I am convinced, rules like this border in complexity with the flight controls of the aircraft.
No, seriously. The quantity of seats are members of a grid of possible passengers. Here is one way of how it can work:
Lets take an AA
777 for example with the Atlantic configuration and you are wanting to go from coach to business class.
A quick look shows 35 business class seats on the AA
's interior of the 777. Of those seats, here is one possible way
of interpreting the "grid" I mention earlier.
Note: I don't know AA's specifics on this, but most airlines do it something like this
2 Seats: Discount coach fare to Business using AAdvantage miles
5 Seats: Full Fare Y coach to Business using AAdvantage miles
2 Seats: AAdvantage Reward Business (not upgraded)
15 Seats: For Sale only at full fare Business Fare (D/J)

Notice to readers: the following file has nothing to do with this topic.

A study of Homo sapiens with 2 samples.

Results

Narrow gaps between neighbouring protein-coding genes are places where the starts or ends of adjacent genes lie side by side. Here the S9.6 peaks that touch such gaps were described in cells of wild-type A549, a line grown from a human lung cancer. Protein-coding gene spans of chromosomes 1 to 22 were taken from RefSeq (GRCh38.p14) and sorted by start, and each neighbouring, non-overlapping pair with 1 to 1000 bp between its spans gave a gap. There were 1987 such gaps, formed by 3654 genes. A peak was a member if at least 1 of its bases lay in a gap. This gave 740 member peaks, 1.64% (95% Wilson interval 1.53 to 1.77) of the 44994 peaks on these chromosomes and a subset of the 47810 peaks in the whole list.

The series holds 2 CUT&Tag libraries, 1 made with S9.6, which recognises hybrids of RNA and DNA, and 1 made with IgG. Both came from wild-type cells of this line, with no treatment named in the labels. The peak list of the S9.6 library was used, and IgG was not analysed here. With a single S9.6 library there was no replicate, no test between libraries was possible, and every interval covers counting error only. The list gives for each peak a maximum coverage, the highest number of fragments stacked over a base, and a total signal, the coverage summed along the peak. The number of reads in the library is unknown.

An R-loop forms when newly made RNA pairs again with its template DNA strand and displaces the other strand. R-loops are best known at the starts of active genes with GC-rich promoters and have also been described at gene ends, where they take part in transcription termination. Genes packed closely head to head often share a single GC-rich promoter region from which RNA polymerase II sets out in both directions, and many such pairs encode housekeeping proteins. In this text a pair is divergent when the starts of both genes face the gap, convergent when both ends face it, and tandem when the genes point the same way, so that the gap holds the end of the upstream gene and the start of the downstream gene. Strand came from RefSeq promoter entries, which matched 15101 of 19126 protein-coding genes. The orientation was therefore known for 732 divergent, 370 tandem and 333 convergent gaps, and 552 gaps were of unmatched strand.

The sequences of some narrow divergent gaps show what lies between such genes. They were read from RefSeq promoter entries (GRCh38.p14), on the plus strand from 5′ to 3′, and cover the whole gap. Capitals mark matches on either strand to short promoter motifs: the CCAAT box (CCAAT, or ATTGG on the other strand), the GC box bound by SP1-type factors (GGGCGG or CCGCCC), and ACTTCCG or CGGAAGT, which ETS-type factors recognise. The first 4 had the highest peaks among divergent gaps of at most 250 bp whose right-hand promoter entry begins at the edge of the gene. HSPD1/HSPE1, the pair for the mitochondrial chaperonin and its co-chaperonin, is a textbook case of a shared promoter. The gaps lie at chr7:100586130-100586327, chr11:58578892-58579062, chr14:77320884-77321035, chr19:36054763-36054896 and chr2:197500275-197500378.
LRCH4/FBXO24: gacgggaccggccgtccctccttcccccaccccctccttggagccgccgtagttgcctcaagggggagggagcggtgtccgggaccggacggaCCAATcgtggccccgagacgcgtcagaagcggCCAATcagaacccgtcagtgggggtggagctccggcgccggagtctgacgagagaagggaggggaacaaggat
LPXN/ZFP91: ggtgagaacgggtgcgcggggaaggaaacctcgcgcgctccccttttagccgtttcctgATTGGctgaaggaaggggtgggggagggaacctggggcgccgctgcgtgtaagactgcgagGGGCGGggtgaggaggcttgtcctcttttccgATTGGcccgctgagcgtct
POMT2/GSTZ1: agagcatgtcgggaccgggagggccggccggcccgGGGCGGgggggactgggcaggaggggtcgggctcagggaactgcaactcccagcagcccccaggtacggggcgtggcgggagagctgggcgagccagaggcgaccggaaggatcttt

8 Seats: For Sale only at disount business fare (I)
3 Seats: Reserved for transactions (usually rebookings or walk-up sales) wighing 2 days of departure
So, the 2 seats I listed up front may be the two you see and one of the ones you want!
Further, the upgrade or award tickets may be subject to "windowing" in time.
What I mean by that is lets say you want to book a reward trip way out to ensure schedule availability (I do this all the time) - 331 days out. That is as far out as you can book with the majors.
Lets also say you want premium product (First/Biz) as well. You may be the 1st transaction of ANY type for the flights you want - but the premium cabin may not be available. For example, I booked a reward ticket 331 days out from Grand Rapids to Orlando on Delta First Class the whole way up and back - but was waitlisted for one of my segments from GRR-CVG
. There was no other seat assignments in First or Coach! 3 months later, I cleared the waitlist - still just my wife and I confirmed in First Class on those flights.
Trust me, the planners at the airlines have very sophisticated modeling to maximize yeild, keep customers happy, and fill seats with passengers.
I hope this makes sense and clears it up for you.